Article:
Joint Bank Accounts

Joint Bank Accounts

As a parent grows older, particularly if they are in poor health, a bank account may be opened by the parent with an adult child. The purpose is generally for convenience so that the child can look after the parent’s bills and banking. Before such an account is opened it is important that the parent and child be clear about the purpose of the account, who the money belongs to and what the money is to be used for.

For instance is the adult child a full owner of the account or is he or she merely a signatory? Are both people going to put money into the account or will all the money be deposited by the parent? Upon the death of the parent, does the money belong to his or her estate or does it belong to the adult child?

A recent case from British Columbia, illustrates the problems that can arise if these issues are not addressed when the account is being opened.

Rita had two children, Lois and Ron. Rita held a number of bank accounts jointly with Lois. Both women were in fairly poor health. Rita passed away and the following year Lois passed away. Lois’s only child, Jason, applied to have the money in the Rita/Lois bank accounts transferred to him, arguing that his mother had received the money by right of survivorship. Ron disagreed, arguing that the joint accounts were opened purely as a matter of banking convenience in order that his sister could assist their mother in her day-to-day financial dealings.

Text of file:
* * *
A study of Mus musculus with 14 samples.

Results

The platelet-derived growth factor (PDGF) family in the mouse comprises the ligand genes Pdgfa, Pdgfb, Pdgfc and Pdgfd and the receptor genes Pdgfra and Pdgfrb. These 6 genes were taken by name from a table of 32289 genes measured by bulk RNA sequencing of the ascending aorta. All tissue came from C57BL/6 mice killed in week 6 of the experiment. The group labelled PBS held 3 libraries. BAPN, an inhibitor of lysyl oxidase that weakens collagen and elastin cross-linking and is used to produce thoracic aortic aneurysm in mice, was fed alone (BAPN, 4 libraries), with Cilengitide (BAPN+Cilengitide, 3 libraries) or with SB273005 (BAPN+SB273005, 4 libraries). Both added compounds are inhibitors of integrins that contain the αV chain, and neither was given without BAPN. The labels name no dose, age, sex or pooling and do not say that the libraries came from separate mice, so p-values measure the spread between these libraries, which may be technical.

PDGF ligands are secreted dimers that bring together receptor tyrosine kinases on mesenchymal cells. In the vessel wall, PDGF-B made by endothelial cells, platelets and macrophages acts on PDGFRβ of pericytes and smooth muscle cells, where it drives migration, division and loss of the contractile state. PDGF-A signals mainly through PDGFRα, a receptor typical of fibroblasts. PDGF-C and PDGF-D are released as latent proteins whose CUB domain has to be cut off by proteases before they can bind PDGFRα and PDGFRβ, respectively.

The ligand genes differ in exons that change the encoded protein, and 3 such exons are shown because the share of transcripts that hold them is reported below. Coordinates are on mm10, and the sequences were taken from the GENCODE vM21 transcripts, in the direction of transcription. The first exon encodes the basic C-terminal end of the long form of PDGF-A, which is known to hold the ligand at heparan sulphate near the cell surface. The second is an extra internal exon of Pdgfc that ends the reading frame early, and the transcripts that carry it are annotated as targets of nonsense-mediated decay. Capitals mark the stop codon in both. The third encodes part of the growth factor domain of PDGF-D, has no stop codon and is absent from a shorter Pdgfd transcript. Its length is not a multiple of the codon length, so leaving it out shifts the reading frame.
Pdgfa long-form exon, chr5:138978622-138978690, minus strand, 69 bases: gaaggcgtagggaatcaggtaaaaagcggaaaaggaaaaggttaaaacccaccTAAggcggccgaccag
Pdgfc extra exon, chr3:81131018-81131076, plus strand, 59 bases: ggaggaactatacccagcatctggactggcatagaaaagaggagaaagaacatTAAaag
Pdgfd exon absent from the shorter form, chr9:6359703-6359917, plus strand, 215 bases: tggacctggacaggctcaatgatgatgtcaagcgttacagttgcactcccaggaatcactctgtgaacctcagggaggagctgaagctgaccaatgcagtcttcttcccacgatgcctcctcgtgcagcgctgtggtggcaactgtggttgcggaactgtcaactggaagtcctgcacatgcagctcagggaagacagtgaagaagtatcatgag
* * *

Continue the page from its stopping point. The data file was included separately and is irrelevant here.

The Court reviewed the circumstances surrounding the opening of the accounts as well as the actions of the two women. For instance, there was no actual evidence that Lois assisted her mother with her banking. The boxes indicating joint ownership and survivorship were both checked yes on the documents used to open the accounts.

Because the accounts were jointly held there was a presumption that the survivor, Lois, was entitled to the funds. Although it was possible to rebut the presumption, Ron failed to present evidence to support his theory that the accounts were a convenience only. The Court agreed with Jason, and ordered that the money be advanced to him.

The moral of the story is that if you are considering opening a bank account with your parent or your adult child, be sure you agree on the purpose of the account. Bank employees are not always clear on the difference between a joint account and signing authority so be sure to convey what you want to do and why. Otherwise somebody may be going to court.